Saturday, 15 January 2011

Personal Service

Today I am in Ouagadougou, known locally as Ouaga (pronounced wagga), the capital of BF. For the past week the theatre troupe have been staying in a cultural centre for a training workshop to develop their theatrical skills, and I have been with them. The training finished yesterday, and today, Saturday, is a free day so that everyone can go and visit their families in Ouaga before returning to Bobo – offence would probably be taken if they came to Ouaga and did not do so. As my family is a bit far away to visit in a day, I have taken advantage of the day to be a bit of a tourist, and visit the museums here.

First stop National Museum, a huge campus of a site with half a dozen pavilion style buildings dotted about in loads of empty space. Two of these are exhibition halls, at some distance from each other (the issue of visitors getting wet between one and the other would only arise for a few weeks a year!). One display is on the role of women in Burkinabe society – interesting, but quite a bit of it about things which are now familiar. One exhibit was a calabash (a type of gourd or such used as a container for liquids) used for drawing water from the well, and the point of interest to me was that it had been broken and then repaired, laboriously stitched together – no photos allowed, unfortunately. Calabashes are not expensive, but they are seasonal – and this type of repair is typical of the care taken here not to waste or discard material objects even when we might consider them well beyond repair.

The other display was of masks – I did see this when I first arrived in April, but the room was SO hot I didn’t absorb much – although I sweated plenty – so I was glad to revisit. Masks in BF have an independent existence, and come out and do things of their own accord. Several of the masks have what seem like useful functions. There is one, looking a bit like a lion, which is called upon when there is sickness in the village. It comes out at night, spits in the well, and then when water is drawn and drunk, everyone gets well again. There is another, a monkey mask, which can be used to get your own back. If you want revenge, but not (in a village where everyone knows everyone else’s business) to take it overtly, you sacrifice to the monkey mask (chicken, goat, cow, according to your means) and the mask sends some real monkeys to do nasty things to your victim. Handy, and discreet.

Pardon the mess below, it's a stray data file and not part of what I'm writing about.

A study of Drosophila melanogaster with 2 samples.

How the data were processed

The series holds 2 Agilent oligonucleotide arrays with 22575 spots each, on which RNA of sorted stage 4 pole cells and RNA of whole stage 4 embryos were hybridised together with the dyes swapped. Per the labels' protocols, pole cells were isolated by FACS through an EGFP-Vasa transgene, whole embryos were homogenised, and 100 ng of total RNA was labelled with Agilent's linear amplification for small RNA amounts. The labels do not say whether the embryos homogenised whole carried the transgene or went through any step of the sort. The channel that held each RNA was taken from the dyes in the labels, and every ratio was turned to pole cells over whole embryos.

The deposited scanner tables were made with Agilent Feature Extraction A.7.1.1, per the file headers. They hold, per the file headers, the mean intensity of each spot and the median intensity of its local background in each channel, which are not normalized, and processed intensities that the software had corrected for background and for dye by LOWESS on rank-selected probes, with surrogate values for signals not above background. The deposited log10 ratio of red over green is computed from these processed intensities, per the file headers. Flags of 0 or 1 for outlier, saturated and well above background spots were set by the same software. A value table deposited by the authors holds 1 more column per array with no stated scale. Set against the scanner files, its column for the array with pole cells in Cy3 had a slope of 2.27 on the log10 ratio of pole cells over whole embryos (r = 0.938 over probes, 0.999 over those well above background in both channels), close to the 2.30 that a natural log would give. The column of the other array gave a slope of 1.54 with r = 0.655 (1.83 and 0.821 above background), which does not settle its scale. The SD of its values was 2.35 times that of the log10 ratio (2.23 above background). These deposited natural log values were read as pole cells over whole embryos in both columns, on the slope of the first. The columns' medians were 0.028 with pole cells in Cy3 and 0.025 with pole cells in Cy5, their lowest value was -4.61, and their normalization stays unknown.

I was shown around, object by object, by a charming and reasonably well informed guide, 1:1. At the end I asked her about the Music Museum, which is being rebuilt – is it totally closed? No, it’s in temporary premises just down the road – and she promptly gave me a lift there! Helpful, because it was not otherwise very easy to spot. So I wandered in there, and they unlocked it for me, and a helpful young man again took me round object by object (this is the consistent style here – not much chance to read the interpretation). At the end of the tour, we went into the performance room, and 5 of the museum staff promptly gave a short performance demonstrating different contemporary instruments (and wouldn’t stop until I danced…). I have some photos of this – fortunately not of me dancing – which I will post when I am back in Bobo with access to the kit.

Both museums have a bit to learn in terms of attracting visitors, with no obvious reception point – but I couldn’t fault the customer service!


  1. This is so great to find your blog Helen, and to see that yo are working in Bobo. I have a very dear, dear friend living in Bobo. It is his home town (though he normally lives in France, his name is Kalifa Hema, and he is the soloist with Farafina). Anyway, I just spoke to him on the telephone and he said - it I understood him correctly - that there have been many deaths in Bobo this week and today they are having funeral celebrations for his uncle and some others. Both the phone and my French were not operating perfectly, so I'm not sure all that he said. i got the feeling that there's some big problem there at the moment, so I came on the internet to see if I could find out anything. All i go is the horrible political unrest in the Ivory Coast, which is spilling over (people) into Burkina, but would not account for what Kalifa's talking about. I wondered if there has been an outbreak of some specific disease. Anyway, it was so great to find your blog because I'm wondering what I can do to help if I come visit/ stay in Burkina for a while. Would it be possible for me to chat about some of this with you, via emai. Jen Richardson (an Australia living in Bali, Indonesia),

  2. Hi Jen,

    Good to hear from you, glad you like the blog. Don't panic, although life is often difficult there is nothing new and big wrong here in Bobo - this weekend we are celebrating winning the cup!!

    The crisis in Cote d'Ivoire is worrying and lots of Burkinabes live there - almost everyone here has friends or family in Cote d'Ivoire.

    Life expectancy is low here, and there are a lot of funerals - people are mostly buried the day they die if possible, with one or more celebratory funerals some while (even years) later, these can be quite cheerful events.

    Happy to correspond by email if you let me have your address.


  3. Hi Helen
    Glad you managed to see a couple of Museums. Can you let me have a postal address as I would like to send out a pile of children's T shirts.